Impact font on a blue background..."ATTENTION! if you have Diabetes!" Cue the announcer, then actor Alan Thicke appears onscreen. You probably know Alan from his days on the 1980's sitcom Growing Pains. What you may not know is that Mr. Thicke is the parent of a child with Type 1 diabetes. In fact, he apparently has done some good work in the diabetes community. He's got a diabetes research center named after him in his home province of Ontario, Canada!
Oh, COME ON, Alan. Give me a break. I guess CCS Medical thinks you will touch the hearts, minds and wallets of the people who need diabetes supplies. But your credential here is "Famous Television Dad"? I just have to wonder what your kid thinks of this. Maybe he doesn't think anything at all, but please, I should think any self-respecting diabetic would find this commercial appalling on some level.
What can any person with diabetes expect from this company? This commercial not only uses my absolute least favorite tenet of diabetes-supply advertising--"GREAT NEWS! You don't have to prick your fingers anymore! Test on your arm; it's virtually pain-free!"-- which always enrages me because testing on your forearm is still less accurate than finger sticks, regardless of pain level. I'm sure throwing things like this into an ad convinces some people with diabetes that they don't have to poke themselves at all to check their blood sugars. So misleading.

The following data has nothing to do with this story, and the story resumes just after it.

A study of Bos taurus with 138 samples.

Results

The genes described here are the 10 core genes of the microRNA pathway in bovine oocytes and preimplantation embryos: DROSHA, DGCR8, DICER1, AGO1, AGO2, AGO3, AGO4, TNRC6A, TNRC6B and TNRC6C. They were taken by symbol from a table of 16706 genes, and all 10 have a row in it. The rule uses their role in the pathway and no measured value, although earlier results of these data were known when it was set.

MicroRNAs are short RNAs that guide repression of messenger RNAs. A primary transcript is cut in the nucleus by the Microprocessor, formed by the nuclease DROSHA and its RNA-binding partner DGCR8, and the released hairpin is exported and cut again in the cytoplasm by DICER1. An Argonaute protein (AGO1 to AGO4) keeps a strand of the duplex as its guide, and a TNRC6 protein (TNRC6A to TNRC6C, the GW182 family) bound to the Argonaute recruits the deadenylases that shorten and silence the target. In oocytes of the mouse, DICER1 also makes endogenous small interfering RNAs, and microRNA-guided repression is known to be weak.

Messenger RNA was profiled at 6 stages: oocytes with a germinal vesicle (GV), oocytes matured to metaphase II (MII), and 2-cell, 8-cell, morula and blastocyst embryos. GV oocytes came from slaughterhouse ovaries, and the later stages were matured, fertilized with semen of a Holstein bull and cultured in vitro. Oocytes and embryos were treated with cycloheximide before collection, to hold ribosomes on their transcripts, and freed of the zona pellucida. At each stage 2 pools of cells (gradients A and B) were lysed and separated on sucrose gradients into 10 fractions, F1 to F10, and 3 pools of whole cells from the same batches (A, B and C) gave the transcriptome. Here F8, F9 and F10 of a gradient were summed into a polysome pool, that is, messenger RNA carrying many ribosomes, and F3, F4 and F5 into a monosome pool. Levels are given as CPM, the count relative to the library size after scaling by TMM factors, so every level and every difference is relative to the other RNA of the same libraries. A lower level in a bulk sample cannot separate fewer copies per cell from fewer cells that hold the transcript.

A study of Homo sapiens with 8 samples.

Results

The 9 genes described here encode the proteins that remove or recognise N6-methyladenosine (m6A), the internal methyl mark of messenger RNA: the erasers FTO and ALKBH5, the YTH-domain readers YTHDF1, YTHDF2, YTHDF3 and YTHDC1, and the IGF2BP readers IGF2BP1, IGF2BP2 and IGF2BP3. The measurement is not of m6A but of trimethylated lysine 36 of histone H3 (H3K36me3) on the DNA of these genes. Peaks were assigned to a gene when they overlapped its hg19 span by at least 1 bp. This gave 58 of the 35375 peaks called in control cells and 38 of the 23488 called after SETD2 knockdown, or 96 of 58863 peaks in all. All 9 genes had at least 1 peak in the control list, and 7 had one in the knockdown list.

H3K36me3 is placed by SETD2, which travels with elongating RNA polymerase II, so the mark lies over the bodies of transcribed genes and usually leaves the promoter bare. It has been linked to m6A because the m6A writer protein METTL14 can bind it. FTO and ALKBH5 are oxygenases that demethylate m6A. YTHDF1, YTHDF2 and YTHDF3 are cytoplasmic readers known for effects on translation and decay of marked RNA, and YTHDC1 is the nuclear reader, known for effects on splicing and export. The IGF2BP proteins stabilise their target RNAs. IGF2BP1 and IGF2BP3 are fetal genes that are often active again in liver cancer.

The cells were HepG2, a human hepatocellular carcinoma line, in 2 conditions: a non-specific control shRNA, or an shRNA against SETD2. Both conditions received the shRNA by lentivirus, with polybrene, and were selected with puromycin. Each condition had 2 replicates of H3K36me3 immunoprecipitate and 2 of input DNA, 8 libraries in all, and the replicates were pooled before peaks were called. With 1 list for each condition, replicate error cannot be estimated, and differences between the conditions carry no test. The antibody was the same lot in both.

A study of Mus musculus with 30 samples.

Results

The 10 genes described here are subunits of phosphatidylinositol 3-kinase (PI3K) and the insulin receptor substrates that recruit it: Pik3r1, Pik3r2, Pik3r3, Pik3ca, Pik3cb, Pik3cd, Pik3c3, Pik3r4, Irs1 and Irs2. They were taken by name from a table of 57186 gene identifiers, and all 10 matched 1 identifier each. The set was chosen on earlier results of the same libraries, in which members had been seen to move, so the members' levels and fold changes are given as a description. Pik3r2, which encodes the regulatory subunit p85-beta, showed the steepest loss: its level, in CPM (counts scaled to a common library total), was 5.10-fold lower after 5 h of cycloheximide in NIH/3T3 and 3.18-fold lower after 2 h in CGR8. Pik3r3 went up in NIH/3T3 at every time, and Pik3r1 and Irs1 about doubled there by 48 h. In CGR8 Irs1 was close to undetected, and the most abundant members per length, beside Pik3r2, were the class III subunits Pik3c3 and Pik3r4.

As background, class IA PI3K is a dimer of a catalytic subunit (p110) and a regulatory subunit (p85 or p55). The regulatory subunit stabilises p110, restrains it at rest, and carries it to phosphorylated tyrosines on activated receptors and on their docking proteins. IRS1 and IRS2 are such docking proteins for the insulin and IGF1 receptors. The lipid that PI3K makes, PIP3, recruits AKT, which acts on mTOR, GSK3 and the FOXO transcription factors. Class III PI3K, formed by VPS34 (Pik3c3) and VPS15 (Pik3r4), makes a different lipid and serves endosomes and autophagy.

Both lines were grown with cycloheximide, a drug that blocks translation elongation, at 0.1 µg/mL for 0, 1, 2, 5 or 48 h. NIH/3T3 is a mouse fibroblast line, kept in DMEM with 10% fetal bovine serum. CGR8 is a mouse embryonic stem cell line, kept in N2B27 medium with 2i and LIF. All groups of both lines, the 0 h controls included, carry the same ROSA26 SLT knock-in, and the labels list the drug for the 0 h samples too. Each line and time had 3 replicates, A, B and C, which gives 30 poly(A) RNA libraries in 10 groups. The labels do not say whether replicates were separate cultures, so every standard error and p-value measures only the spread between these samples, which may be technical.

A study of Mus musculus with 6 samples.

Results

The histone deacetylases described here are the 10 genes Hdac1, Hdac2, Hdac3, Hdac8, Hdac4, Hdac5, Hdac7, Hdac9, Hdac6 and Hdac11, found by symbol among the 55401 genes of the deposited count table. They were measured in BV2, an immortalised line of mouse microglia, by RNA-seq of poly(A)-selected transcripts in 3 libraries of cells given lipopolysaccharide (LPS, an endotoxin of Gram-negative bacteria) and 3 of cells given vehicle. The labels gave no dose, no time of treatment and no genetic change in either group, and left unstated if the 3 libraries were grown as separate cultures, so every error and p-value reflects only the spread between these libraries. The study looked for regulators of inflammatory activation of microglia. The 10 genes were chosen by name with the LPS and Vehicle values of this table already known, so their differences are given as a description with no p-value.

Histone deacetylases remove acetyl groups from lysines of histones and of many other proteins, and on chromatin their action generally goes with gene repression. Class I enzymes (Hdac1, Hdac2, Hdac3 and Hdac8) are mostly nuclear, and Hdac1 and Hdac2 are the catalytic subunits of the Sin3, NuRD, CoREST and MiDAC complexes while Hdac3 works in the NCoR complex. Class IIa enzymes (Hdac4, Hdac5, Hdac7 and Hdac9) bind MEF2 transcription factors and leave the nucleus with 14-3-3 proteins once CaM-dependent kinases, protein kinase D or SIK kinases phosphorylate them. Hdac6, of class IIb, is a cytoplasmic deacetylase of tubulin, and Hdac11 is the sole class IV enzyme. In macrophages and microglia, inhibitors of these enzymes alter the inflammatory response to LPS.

Yet this ad sinks to what sounds to me like a new low. Make sure you watch the video from about the 28-second mark when you'll hear about how the test strips are (and I shit you not, dear readers) made with laser-etched gold, providing the best possible testing surface. I've used a NovaMax before, back when it was still a BD meter, and I don't think the gold in those strips was worth much. Do people pay extra because their test strips are made of gold? Everybody certainly gets charged as if they are. I just pulled apart a used One Touch strip, and there was no gold in it whatsoever. Does anyone actually know if test strips made from gold are better than those made without?
There is a [rather poorly written] article on AssociatedContent.com which states that people might want to try sending their gold test strips to "cash-for-gold" type places. The author goes on to say that if that becomes popular, diabetics might want to watch out for people trying to steal their test strips for the gold.
Misleading, high-fallutin' diabetes advertising frustrates me more than any other kind of poor advertising. I think the other thing that makes me uncomfortable is that someone who clearly does not have diabetes himself is hawking products for people who HAVE diabetes. Were they trying to get his son to do the ad with him and his son backed out? I'd be more comfortable if it were some anonymous actor even pretending to have diabetes.
Is anyone else as bothered as I am when it comes to ads like this?